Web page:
Introduction Trends in Forced Displacement
This synthesis of The State of the World’s Refugees: In Search for Solidarity, is intended for UNHCR’s diverse stakeholders, and all people concerned with forced displacement. The book is available from Oxford University Press at: http://ukcatalogue.oup.com/product/9780199654758.do.
The world’s refugee protection system was established with the Office of the United Nations High Commissioner for Refugees, or UNHCR, in 1950 and the adoption of the United Nations Convention relating to the Status of Refugees (the 1951 Refugee Convention). The system was designed to respond to the potentially destabilizing effects of population movements from the Second World War and its aftermath, and to uphold the rights of refugees and support the countries hosting them. The Convention has since been supplemented by the 1967 Protocol, as well as protection regimes in several regions of the world.
UNHCR is mandated to lead and coordinate international action to protect refugees and resolve refugee problems worldwide. UNHCR’s mandate distinguishes it from other humanitarian actors, requiring it to provide international protection to refugees who do not enjoy the protection of their governments. It also recognizes that international cooperation and support are needed to complement the efforts of the host country, which bears the primary responsibility for meeting the needs of refugees. In times of economic difficulty and heightened security concerns, states understandably tend to focus on the well-being of their own populations; but the global challenges of forced displacement call for more, not less, international cooperation and solidarity.
Current trends in forced displacement are testing the international system like never before. Some 33.9 million people were ‘people of concern’ to UNHCR at the start of 2011, an increase from 19.2 million in 2005. Many were not refugees, as the proportion of refugees among the people of concern to UNHCR decreased from 48 per cent to 29 per cent over the past six years. UNHCR has increasingly engaged with internally displaced people (IDPs), stateless people, populations affected by major natural disasters and people displaced in urban areas. UNHCR has responded to new emergencies in places such as Libya and Côte d’Ivoire, while addressing long-standing displacement in and from countries such as Afghanistan the Democratic Republic of the Congo, Iraq, Somalia and Sudan. Recognizing the diversity of displaced populations and their needs, UNHCR has taken steps to ensure that its programmes are tailored to meet different needs, and UNHCR’s Age, Gender and Diversity Policy sets out its commitment to ensuring equitable outcomes.
Global social and economic trends indicate that displacement will continue to grow in the next decade, taking on new and different forms. Displacement patterns will be affected by population growth, from today’s 7 billion people to 10.1 billion by 2100, and mostly in Africa and Asia; by urbanization, including the increased rural-to-urban migration of young people leaving rural poverty and food insecurity, and adding pressures on housing and employment in cities; by climate change and natural disasters, which already displace millions of people every year; by increased food prices linked to urbanization and reduced agricultural output in Africa and Asia; and by increasing conflict over scarce resources which could depopulate some areas.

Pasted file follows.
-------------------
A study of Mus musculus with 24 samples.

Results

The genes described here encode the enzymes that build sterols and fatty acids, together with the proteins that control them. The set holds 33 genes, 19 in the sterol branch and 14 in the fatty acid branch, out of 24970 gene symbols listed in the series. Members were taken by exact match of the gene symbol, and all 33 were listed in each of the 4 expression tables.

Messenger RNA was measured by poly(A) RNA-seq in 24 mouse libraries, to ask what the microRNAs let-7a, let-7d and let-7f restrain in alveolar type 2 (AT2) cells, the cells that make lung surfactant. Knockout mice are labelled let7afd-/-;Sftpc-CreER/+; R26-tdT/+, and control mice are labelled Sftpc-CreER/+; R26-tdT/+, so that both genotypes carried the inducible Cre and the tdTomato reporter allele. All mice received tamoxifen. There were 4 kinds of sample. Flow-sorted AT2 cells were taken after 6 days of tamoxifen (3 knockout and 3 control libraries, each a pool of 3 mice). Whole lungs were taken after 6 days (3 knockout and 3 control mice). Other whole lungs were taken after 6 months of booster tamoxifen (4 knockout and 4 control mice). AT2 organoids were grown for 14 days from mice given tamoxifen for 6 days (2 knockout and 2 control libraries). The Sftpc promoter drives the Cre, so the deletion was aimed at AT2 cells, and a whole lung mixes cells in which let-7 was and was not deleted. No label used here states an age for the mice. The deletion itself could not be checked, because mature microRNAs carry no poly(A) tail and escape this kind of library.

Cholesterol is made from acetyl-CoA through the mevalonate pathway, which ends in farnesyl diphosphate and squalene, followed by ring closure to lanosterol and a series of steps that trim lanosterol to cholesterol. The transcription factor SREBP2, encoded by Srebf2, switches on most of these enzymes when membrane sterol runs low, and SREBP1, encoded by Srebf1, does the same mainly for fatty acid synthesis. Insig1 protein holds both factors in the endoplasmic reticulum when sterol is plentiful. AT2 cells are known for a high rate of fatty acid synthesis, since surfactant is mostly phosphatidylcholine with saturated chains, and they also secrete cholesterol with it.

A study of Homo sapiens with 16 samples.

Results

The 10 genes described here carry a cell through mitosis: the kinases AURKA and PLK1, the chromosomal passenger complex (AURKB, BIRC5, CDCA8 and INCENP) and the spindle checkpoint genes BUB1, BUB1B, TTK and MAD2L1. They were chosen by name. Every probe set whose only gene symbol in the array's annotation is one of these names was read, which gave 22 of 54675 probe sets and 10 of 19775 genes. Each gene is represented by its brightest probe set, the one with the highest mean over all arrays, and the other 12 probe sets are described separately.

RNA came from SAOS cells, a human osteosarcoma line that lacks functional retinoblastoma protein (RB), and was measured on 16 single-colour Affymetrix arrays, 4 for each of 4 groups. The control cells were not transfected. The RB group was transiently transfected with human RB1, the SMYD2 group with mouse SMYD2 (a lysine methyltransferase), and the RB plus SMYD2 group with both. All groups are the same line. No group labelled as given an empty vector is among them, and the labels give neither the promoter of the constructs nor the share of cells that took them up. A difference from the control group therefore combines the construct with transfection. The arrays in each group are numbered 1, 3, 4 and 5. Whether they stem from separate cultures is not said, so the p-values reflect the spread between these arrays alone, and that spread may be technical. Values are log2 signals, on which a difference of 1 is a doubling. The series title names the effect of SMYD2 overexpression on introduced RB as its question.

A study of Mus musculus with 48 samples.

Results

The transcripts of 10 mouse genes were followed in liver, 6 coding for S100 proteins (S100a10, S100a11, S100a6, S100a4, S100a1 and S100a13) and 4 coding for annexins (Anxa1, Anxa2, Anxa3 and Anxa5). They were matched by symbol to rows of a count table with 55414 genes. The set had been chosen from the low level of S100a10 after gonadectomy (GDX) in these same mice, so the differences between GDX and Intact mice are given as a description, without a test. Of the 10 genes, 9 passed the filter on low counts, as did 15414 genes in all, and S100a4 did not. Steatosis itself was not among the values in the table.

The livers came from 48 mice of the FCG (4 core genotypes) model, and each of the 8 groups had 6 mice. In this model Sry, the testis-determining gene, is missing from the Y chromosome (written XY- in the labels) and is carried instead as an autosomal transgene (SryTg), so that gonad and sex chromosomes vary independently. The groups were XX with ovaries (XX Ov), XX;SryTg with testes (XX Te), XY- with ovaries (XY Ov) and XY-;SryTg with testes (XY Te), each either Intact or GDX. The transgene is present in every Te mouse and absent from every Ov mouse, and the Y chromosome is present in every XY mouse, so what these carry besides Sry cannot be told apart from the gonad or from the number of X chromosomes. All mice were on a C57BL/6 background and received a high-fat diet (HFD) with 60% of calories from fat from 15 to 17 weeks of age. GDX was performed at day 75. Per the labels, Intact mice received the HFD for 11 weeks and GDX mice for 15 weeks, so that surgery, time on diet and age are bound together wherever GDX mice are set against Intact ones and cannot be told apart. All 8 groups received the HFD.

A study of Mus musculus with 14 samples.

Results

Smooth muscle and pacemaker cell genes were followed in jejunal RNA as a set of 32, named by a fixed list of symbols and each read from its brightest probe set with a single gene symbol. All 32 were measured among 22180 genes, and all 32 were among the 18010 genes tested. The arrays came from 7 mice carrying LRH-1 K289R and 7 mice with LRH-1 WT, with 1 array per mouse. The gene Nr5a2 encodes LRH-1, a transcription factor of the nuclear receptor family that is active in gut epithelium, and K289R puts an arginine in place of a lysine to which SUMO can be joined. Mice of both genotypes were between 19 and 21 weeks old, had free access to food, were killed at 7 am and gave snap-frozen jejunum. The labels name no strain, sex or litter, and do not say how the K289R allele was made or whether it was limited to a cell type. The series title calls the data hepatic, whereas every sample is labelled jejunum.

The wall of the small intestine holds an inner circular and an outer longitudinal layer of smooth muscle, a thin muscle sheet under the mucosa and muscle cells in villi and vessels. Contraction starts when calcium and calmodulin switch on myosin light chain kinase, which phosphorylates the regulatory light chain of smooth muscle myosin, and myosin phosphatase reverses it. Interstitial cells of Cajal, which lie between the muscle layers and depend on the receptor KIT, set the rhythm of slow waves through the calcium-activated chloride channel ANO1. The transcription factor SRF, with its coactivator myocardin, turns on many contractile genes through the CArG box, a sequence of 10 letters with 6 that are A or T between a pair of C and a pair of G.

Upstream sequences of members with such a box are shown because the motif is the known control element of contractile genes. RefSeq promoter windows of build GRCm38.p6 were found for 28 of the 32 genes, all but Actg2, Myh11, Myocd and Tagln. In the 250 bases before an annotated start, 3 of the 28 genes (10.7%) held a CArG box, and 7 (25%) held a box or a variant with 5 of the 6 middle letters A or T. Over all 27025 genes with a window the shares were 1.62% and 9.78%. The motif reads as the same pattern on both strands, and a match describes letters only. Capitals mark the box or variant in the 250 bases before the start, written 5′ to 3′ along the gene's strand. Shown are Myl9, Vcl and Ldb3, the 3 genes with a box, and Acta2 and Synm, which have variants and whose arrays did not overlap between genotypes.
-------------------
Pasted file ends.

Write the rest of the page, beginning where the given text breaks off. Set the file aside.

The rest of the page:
Developments in the international system have also affected the international response to refugees and displaced people. Humanitarian reforms initiated by the United Nations in 2005 have made international humanitarian action more efficient, accountable and predictable. The UN Security Council’s endorsement of the Responsibility to Protect doctrine, and a new emphasis on the protection of civilians in peacekeeping operations, have contributed to protecting basic human rights in situations of armed conflict. The International Criminal Court, and mechanisms at national and regional levels, have contributed to reinforcing accountability for armed actors. The need to ensure the protection of IDPs is now widely accepted, and a broad definition of protection has been affirmed by the UN-led Inter-Agency Standing Committee (IASC). Further, UNHCR and other humanitarian actors have increasingly recognized that their principal accountability is to the people they serve.
This sixth edition of The State of the World’s Refugees provides an overview of key developments in forced displacement from 2006 to 2011, a time frame that coincides with the first five-year term (mid-2005 to June 2010) and the start of the second term of the UN High Commissioner for Refugees António Guterres. Produced by UNHCR with input from independent experts, the book is intended to make a contribution to global policy and practice relating to forced displacement.
Under the overarching theme of solidarity, the book is divided into eight thematic chapters. Chapter 1 focuses on armed conflict and humanitarian responses, the context for many UNHCR operations today. Chapter 2 looks at trends in asylum and changes in the refugee protection environment, 60 years after the 1951 Convention. Chapter 3 examines the search for durable solutions, and the growing constraints to achieving them. Chapter 4 offers a fresh review of statelessness, a long-standing problem. Chapter 5 looks at UNHCR’s work with IDPs, and its greatly expanded role in recent years. Chapter 6 examines displacement in urban environments and associated protection challenges. Chapter 7 offers new perspectives on displacement caused by climate change and natural disasters. Chapter 8 describes the continuing quest for national responsibility and international solidarity, to ensure the protection of refugees and displaced people.